I've been thinking a bit about the reasons why and when I am using real floppy disks. I like my 1541U2 and for sure devices like this are an essential component of modern use of Commodore computers. I have a dedicated desk for my C64. If I take it to the living I usually leave the physical floppy drives upstairs. 1541U2 is often fine for such purposes.
As you might have imagined, I am using a 1571. My good old 1541-II still works fine, but the 1571 is a nice upgrade. There is Jiffydos inside, but my C64 has the original ROM. I can use JiffyDOS on my C64 with the custom kernal feature of the 1541U2, but I often limit myself to the Final Cartridge III fastloader, it is faster than JiffyDOS. So the JiffyDOS in my 1571 is largely unused, except for one crucial feature: Autodetection of single and double sided disks. If you no longer need to switch the drive into double sided mode to read a double sided disk, double sided disks suddenly become much more usefull, and suddenly the 1571 is a real improvement over the 1541.
I often use real floppies in the following situations:
* Software on floppies, I have hundreds of them and regularily use them
* Allthough I agree a lot of software has been fixed for modern storage media, there is also a lot of software that hasn't. Even modern demo's like Comaland assume a 1541, don't run from device 9 and even don't tolerate any other device than device 8 on the bus. While the 1541U2 is 100% compatible, you need to reconfigure it (turn off second drive, turn off IEC device, turn off printer, switch it to device 8), it is much more convenient to use the real floppy drive: Switch on, pull cable from 1541U2, run demo.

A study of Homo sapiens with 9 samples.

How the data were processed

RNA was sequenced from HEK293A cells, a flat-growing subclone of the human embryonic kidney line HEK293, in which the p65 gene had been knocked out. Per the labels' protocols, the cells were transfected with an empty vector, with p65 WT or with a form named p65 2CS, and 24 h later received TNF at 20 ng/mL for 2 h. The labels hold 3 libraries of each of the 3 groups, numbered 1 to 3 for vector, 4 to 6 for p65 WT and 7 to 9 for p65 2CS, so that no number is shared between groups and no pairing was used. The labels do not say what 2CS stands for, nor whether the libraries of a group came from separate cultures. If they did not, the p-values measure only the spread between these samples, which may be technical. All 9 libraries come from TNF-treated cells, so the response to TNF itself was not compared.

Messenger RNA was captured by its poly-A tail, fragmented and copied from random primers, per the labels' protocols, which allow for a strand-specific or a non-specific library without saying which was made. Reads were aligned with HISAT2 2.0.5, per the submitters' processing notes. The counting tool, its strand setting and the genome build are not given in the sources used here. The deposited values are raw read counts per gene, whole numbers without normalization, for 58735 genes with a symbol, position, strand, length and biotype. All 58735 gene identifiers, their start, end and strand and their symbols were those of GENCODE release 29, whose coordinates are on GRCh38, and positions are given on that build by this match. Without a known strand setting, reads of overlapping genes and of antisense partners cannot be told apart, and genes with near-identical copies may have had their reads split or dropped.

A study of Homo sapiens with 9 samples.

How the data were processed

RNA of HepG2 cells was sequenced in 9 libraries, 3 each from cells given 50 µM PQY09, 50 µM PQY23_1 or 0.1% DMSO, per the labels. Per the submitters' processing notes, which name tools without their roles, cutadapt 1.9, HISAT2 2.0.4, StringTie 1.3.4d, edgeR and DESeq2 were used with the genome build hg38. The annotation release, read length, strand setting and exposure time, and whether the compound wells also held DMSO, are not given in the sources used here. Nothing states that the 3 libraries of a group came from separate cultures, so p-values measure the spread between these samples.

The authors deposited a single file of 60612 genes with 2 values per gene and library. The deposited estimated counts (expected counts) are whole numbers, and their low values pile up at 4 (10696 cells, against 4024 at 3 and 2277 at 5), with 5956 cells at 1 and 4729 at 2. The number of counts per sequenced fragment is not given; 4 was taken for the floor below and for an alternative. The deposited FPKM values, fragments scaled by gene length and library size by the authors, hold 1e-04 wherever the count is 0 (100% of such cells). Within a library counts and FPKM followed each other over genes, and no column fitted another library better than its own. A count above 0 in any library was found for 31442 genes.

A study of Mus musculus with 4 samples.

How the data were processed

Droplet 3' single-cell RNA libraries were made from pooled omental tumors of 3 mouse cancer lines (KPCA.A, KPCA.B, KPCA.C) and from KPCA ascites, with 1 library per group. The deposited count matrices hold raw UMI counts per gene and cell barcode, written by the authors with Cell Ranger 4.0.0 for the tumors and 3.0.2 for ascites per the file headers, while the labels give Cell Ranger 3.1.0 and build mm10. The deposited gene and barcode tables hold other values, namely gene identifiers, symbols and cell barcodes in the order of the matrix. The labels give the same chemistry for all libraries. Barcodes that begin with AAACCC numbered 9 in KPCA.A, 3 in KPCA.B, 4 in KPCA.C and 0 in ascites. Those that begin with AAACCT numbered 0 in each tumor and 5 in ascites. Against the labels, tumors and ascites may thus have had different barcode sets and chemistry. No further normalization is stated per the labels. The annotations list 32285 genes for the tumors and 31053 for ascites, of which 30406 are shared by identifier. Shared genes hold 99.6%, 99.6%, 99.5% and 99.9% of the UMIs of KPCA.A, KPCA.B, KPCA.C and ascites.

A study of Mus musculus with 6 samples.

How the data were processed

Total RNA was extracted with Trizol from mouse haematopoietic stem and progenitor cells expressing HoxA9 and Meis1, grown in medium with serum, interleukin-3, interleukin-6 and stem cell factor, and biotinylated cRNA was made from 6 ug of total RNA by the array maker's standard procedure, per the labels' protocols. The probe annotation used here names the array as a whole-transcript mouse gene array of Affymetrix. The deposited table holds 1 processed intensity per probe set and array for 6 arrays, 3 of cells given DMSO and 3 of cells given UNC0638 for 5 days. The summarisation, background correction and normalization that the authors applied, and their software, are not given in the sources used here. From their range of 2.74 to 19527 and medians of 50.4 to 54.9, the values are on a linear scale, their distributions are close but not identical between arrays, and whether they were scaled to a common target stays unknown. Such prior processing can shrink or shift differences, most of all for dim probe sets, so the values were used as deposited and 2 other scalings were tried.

* The 1541U2 is a 1541 simulator, so single sided only. Double sided work therefore always on real floppies.
* Demonstration purposes. Many people are too young to have known 5.25 floppies. If you demonstrate your C64 to someone, it works a lot better if you can show a real floppy drive with real floppies. You show what computing really was in the 80's.
Not everything here translates to a Mega65, but I'm convinced that if I will have one, I'm going to connect a real floppy drive. With burst mode supported, even if just for load, it looks like the 1571 is a good match for the Mega65 and without an urgent need for JiffyDOS.